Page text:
National

Michaelia Cash takes aim at public service's 'old boys network'

An "old boys network" in the Australian Public Service has been dominating jobs on government boards, according to Employment Minister Michaelia Cash.

But women in the service have the skills to overcome entrenched male power, the minister has told an International Women's Day event in Canberra.

The nation's top public servant Martin Parkinson also told the gathering that departments should go looking for talented women to fill top jobs, rather than relying on them to submit applications.

The comments come after the Australian Bureau of Statistics revealed women remain in the minority at the top of the APS, despite making up the majority of workers in the bureaucracy.

Nearly 60 per cent of federal public servants are women, but only 41 per cent of the APS elite senior executive service are female.


But Senator Cash, who is also minister for women and for the public service, told the IPAA's International Women's Day event that targets for female representation were compatible with merit-based hiring.

"A target is just a target, something you should try to reach, but you should never appoint other than on merit," the minister said.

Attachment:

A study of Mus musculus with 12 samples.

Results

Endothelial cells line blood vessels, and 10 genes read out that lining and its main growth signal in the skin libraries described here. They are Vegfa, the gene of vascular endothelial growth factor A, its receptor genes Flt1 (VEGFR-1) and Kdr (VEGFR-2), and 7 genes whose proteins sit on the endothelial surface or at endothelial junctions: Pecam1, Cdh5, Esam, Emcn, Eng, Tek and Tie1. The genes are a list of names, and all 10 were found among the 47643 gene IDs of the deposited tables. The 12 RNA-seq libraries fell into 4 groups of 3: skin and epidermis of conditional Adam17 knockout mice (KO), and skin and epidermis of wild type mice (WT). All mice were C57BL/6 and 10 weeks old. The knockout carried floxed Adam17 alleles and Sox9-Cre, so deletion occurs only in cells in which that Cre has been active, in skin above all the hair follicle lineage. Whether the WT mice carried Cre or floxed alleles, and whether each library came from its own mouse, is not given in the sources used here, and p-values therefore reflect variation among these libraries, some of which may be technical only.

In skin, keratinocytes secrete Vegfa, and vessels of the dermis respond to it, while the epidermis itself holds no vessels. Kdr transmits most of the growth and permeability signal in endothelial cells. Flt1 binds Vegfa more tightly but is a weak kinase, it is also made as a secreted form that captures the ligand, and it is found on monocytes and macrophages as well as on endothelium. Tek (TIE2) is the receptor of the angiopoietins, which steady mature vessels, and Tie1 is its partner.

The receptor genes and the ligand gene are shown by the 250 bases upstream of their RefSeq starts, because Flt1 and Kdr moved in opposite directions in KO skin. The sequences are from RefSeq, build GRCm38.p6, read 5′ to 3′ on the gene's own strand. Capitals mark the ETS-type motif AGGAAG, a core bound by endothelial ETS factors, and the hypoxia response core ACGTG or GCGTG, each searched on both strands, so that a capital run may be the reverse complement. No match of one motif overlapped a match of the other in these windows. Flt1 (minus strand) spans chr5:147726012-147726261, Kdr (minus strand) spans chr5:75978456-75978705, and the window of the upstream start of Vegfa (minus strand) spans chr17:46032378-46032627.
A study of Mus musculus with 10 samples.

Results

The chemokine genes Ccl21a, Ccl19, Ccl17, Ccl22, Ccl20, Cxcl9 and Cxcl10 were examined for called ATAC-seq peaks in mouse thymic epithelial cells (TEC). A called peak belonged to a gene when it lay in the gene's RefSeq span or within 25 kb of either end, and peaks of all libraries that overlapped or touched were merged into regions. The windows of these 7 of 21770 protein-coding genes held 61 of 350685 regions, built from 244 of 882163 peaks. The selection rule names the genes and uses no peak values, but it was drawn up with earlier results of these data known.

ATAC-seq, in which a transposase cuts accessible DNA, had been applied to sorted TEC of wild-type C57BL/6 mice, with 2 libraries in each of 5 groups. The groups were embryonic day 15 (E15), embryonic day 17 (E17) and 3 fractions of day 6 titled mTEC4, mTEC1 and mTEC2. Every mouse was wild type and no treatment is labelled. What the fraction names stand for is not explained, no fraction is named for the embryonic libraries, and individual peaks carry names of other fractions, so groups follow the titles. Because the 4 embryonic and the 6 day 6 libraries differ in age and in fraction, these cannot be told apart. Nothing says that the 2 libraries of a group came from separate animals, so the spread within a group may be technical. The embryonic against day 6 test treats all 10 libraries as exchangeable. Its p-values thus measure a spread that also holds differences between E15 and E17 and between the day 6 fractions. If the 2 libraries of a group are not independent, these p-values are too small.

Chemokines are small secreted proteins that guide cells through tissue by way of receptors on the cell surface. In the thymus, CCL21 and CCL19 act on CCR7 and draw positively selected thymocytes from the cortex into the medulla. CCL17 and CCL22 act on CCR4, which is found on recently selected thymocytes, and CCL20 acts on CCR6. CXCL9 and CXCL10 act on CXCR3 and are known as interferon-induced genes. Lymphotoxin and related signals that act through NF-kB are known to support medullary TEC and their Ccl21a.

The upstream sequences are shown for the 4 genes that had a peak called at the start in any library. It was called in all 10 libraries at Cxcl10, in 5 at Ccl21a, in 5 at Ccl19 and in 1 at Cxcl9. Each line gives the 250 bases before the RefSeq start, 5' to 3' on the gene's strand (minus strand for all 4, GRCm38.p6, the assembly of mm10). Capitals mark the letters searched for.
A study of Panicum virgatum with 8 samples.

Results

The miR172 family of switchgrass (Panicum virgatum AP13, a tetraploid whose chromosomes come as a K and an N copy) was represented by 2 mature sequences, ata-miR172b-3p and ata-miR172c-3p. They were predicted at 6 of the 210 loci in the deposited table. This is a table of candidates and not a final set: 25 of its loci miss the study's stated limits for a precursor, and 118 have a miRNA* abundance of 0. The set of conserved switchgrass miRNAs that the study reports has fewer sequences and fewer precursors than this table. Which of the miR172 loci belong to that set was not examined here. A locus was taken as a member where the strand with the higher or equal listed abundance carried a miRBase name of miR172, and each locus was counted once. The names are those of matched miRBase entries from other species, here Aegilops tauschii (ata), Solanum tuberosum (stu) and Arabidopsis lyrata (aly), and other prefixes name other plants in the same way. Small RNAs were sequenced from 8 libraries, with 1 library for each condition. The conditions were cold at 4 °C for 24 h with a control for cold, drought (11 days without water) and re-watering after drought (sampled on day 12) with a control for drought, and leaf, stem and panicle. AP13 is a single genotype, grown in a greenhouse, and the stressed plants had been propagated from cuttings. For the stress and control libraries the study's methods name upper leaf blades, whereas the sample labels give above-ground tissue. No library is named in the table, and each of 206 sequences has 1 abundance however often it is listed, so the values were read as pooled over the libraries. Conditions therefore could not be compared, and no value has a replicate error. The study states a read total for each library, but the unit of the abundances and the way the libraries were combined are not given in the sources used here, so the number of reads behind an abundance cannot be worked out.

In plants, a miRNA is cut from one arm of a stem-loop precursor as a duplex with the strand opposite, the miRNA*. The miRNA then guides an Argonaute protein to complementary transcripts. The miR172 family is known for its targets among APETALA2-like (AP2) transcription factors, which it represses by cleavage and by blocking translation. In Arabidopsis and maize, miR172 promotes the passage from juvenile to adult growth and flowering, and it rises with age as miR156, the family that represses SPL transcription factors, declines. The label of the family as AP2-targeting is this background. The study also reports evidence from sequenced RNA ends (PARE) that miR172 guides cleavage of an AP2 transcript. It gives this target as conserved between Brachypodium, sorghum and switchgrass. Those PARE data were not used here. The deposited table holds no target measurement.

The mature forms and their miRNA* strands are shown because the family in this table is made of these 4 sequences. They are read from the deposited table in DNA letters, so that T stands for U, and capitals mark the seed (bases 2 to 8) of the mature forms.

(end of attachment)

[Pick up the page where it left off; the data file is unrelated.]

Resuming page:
"The hard part is going out and finding the women.

"They are there."

The minister said she simply forced her bureaucrats to work harder to look beyond the "old boys network" to find quality female candidates, particularly for government board positions.

"If I'm giving a list of male names and I see the same male names put forward again and again, I ask for women's names," Senator Cash said.

"It's something I can do for government boards. 'Didn't you put him forward for three previous roles?'

"Yes, there is an old boys network, but look at the women here today.

"You cannot tell me you do not have the women to be on boards."

Dr Parkinson, the secretary of the Department of the Prime Minister and Cabinet warned recruiters about being "subjective" when making what were supposed to be merit-based appointments.

"We all have a sense of what merit is, but I suspect too often we see merit as being most reflected in people who look like us.

"If this is the case, it's not surprising that the progress of women or people from diverse cultural backgrounds into leadership positions has been slow."

Dr Parkinson called on recruiters to be proactive when looking for quality women to apply for jobs, rather than sitting around waiting for applications to arrive.

"I suspect one culprit is that, when hiring staff, we interpret merit as belonging to the person we could immediately put into a job as a safe pair of hands," he said.

"A recruitment panel's success should be judged on getting about fifty-fifty gender balance in applications.

"It's not a panel's job to sit back and wait for the applications to roll in, it's their job to go out and find good candidates."

Correction: An earlier version of this story referred to a Male Champions of Change event. The speeches were made at an International Women's Day breakfast.